Food Preservation Resources and Reminders from Cass County Extension
With fresh garden produce ripening and local farmers markets in full swing, August and September are peak times to preserve food. “Preserve the Taste of Summer”, a resource from Iowa State University Extension, is a great place to start for local residents with an interest in food preservation who want to make sure they are following the latest practices to produce safe food.
“Preserve the Taste of Summer” resources are available as free, printed publications from your local ISU Extension office, or can also be downloaded from www.extension.iastate.edu/storeas a free PDF (just type preserve the taste of summer in the Search box in the upper right corner). These resources cover topics from canning fruits and vegetables to pickling, freezing and drying. Each publication addresses a specific type of food preservation, and includes recipes and time/temperature recommendations to ensure safely preserved food.
“Preserve the Taste of Summer” is also the name of a food preservation program offered by Iowa State University Extension and Outreachthat includes both online lessons and hands-on workshops, teaching the most current USDA-approved food preservation recommendations. It is a great opportunity for anyone age 18 years or older who is interested in learning safe food preservation techniques. The next hands-on workshop in the local area is a Salsa (hot water bath) canning workshop, planned for September 14 at the Henry A. Wallace Center near Orient.
Interested participants will need to view preliminary training videos to qualify them to attend the class. Participants can view these courses independently, online, at any time by visiting www.extension.iastate.edu/families/preserve-taste-summer and registering for the program. They will need to print a certificate at the end of each course to bring to the workshop. The classes can also be viewed at the Cass County Extension office, for those who do not wish to participate online, by calling 712-243-1132 and setting up a time to view the course videos. Total training time to watch all of the required courses is about two hours.
There are four levels of participation for which a person can register. To attend the workshop in September, register at the Silver Level ($50.00). This fee will include the on-line lessons and your attendance at the workshop. You will leave the workshop with a jar of properly canned salsa and additional food preservation materials. Barb Fuller, Nutrition and Health Specialist and a Master Food Safety Advisor for Iowa State University Extension and Outreach, will lead the workshop.
“We want Iowans to gain the knowledge of safe food practices, which is why we have the general overview as a requirement,” Fuller said. “We also want them to be able to identify safe recipes that are tested, as well as understand that there is a risk to food preservation. We want them to know the steps to avoid those risks.”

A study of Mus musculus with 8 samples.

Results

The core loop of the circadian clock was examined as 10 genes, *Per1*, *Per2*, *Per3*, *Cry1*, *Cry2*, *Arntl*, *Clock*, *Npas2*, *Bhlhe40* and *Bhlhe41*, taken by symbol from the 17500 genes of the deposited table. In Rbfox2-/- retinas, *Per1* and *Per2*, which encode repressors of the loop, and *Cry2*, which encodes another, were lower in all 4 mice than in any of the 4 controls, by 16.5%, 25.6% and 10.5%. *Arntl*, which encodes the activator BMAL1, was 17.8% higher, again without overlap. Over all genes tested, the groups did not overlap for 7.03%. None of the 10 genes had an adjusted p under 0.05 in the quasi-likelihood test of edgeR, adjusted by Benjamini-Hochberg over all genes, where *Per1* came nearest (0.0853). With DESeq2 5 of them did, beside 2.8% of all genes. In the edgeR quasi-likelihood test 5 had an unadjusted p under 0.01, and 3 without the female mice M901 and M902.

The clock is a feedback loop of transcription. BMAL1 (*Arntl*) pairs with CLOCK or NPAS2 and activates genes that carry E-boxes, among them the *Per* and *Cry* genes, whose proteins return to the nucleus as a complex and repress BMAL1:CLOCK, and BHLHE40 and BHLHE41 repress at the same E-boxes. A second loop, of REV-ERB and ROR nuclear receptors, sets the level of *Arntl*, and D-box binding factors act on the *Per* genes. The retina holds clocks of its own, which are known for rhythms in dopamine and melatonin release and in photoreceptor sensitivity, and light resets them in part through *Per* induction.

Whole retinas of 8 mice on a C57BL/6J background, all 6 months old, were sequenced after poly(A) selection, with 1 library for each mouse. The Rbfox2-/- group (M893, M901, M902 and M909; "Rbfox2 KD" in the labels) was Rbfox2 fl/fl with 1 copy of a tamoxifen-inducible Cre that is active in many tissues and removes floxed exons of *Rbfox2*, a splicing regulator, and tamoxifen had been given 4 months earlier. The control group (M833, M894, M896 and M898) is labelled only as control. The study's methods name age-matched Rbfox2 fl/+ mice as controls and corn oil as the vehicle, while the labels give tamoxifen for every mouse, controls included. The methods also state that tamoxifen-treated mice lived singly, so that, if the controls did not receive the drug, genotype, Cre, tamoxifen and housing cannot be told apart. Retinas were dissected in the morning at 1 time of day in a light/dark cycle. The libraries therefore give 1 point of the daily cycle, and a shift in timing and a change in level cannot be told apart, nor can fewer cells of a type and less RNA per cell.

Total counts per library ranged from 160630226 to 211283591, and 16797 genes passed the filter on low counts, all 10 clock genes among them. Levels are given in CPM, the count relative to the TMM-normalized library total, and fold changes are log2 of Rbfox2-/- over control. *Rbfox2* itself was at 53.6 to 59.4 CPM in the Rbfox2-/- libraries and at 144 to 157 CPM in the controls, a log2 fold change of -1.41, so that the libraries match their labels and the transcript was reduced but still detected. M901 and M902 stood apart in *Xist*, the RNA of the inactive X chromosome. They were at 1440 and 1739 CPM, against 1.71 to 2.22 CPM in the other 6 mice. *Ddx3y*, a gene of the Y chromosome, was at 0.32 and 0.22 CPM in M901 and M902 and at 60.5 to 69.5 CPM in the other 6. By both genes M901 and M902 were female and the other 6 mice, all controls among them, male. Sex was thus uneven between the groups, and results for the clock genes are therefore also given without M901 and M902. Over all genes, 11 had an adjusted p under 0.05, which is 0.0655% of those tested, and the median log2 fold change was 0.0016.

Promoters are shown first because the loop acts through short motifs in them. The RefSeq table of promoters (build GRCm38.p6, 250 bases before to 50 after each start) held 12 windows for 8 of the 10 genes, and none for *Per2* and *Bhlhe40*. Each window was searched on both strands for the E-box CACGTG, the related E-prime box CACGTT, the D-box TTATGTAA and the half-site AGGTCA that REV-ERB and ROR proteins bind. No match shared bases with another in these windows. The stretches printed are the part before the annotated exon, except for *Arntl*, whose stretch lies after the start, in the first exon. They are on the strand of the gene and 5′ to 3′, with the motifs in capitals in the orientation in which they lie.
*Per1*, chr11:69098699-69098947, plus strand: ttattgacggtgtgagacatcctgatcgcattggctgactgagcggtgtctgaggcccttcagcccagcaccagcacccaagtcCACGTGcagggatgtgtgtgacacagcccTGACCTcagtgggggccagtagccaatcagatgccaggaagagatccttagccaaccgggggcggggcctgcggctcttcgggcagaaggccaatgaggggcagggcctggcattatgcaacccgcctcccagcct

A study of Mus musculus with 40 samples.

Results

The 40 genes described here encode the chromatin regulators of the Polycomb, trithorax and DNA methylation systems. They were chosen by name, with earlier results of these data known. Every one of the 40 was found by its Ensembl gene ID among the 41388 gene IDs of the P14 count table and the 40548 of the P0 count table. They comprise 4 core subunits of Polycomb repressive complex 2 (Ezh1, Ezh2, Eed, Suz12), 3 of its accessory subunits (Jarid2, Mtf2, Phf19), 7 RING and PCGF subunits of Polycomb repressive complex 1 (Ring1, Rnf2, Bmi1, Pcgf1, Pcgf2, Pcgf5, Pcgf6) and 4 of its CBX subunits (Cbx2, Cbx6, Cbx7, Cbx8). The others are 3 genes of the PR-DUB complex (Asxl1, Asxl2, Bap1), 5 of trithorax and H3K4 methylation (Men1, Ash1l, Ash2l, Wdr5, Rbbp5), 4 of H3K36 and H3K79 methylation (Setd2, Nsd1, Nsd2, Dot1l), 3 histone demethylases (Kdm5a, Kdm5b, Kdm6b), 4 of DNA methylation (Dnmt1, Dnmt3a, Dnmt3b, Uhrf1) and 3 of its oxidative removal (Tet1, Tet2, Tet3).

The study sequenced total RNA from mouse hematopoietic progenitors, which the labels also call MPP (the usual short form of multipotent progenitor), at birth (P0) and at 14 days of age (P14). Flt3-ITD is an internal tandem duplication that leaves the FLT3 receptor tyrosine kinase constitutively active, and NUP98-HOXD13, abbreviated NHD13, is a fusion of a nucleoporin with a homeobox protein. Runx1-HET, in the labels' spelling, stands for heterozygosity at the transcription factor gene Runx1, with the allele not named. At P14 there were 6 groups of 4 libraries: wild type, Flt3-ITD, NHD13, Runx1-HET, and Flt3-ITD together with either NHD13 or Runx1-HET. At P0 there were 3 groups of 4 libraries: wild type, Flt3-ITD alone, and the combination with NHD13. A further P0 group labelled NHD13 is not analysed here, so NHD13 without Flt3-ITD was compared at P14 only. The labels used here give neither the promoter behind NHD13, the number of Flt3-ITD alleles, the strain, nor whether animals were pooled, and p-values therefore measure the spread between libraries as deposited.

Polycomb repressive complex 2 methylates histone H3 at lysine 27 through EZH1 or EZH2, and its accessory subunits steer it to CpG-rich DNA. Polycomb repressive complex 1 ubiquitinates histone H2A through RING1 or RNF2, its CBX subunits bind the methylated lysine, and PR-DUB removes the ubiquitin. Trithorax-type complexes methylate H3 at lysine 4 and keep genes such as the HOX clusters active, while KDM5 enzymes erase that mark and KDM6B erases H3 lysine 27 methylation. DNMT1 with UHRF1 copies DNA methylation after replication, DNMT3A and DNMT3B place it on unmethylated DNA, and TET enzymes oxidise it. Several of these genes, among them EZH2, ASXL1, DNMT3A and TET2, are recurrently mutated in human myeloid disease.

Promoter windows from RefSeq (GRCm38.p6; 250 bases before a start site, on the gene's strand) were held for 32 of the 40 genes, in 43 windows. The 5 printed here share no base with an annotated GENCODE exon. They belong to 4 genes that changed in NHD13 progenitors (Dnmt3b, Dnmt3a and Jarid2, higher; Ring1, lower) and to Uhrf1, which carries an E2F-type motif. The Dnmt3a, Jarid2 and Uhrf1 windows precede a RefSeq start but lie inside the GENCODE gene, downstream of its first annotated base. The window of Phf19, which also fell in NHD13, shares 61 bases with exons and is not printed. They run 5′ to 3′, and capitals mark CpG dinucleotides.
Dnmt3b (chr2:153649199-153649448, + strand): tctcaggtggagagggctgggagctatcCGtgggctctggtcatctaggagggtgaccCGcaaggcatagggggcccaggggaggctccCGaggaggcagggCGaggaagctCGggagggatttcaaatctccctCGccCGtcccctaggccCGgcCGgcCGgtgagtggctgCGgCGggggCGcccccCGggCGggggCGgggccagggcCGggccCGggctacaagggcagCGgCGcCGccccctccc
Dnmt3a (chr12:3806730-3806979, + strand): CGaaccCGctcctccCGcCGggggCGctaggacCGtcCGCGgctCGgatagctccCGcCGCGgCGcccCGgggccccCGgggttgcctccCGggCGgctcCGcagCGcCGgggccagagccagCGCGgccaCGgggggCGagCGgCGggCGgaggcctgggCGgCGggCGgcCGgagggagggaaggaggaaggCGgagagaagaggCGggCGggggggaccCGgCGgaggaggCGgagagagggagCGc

Regarding the preliminary videos, she added, “Our intent is that people will come to the hands-on workshop ready to can their foods, and not need two or three hours of discussion before we begin.”
Fuller also cautions against looking for shortcuts to home food preservation, noting that preserving food by canning in the oven has been a hot topic this summer.
“Whether the information was shared by a well-meaning friend, or found as a “quick and easy method” on the internet, oven canning is NOT a safe shortcut”, says Fuller. “Many individuals have shared they have tried, or have heard about, oven canning. Just because a jar is sealed doesn’t mean the food inside is safe to eat. I’ve had people say to me- ‘I haven’t gotten sick from it.’ I tell them they are probably very lucky! Botulism is a big concern.”
Food “processed” in the oven will not necessarily be heated hot enough or long enough to produce a safe product! Oven regulators may not be very accurate and the hot air in the oven may not circulate efficiently enough to heat the food in the jars. In addition, dry heat penetrates jars very slowly. Canning jars are not designed for dry heating either and make quite a mess if they explode!
“In addition, think of the wasted resources when finding out your food may not be safe to eat”, Fuller adds, “People spend a great deal of money, time, and energy canning food. It is disheartening to tell someone their (improperly) canned food could make someone they love very sick.”
Do not put your families’ health and the quality of your food at risk for the sake of a shortcut- like oven canning. Be sure to only use research-based methods and tested recipes for SAFE home food preservation, such as those mentioned above from the Iowa State University Extension and Outreach online store.You can also call ISU Extension and Outreach’s AnswerLine at (800) 262-3804 to talk directly with a Home Economist. AnswerLine hours are Monday-Friday from 9:00 a.m.-noon and from 1:00-4:00 pm.
As a reminder, the Cass County Extension office also offers free testing of pressure canner dial gauges. Only the lids, with gauge attached, need to be brought in for the testing, and testing can be done at any time, although those who would like to have their lids tested while they wait are advised to call in advance to ensure someone is available to assist them.
For more information, to register for a class, or with questions, please contact Kate Olson at firstname.lastname@example.org call the Cass County Extension Office at 243-1132;or Barb Fuller at 641-202-1843 or email@example.com. More information on the Preserve the Taste of Summer program can also be found at www.extension.iastate.edu/families/preserve-taste-summer.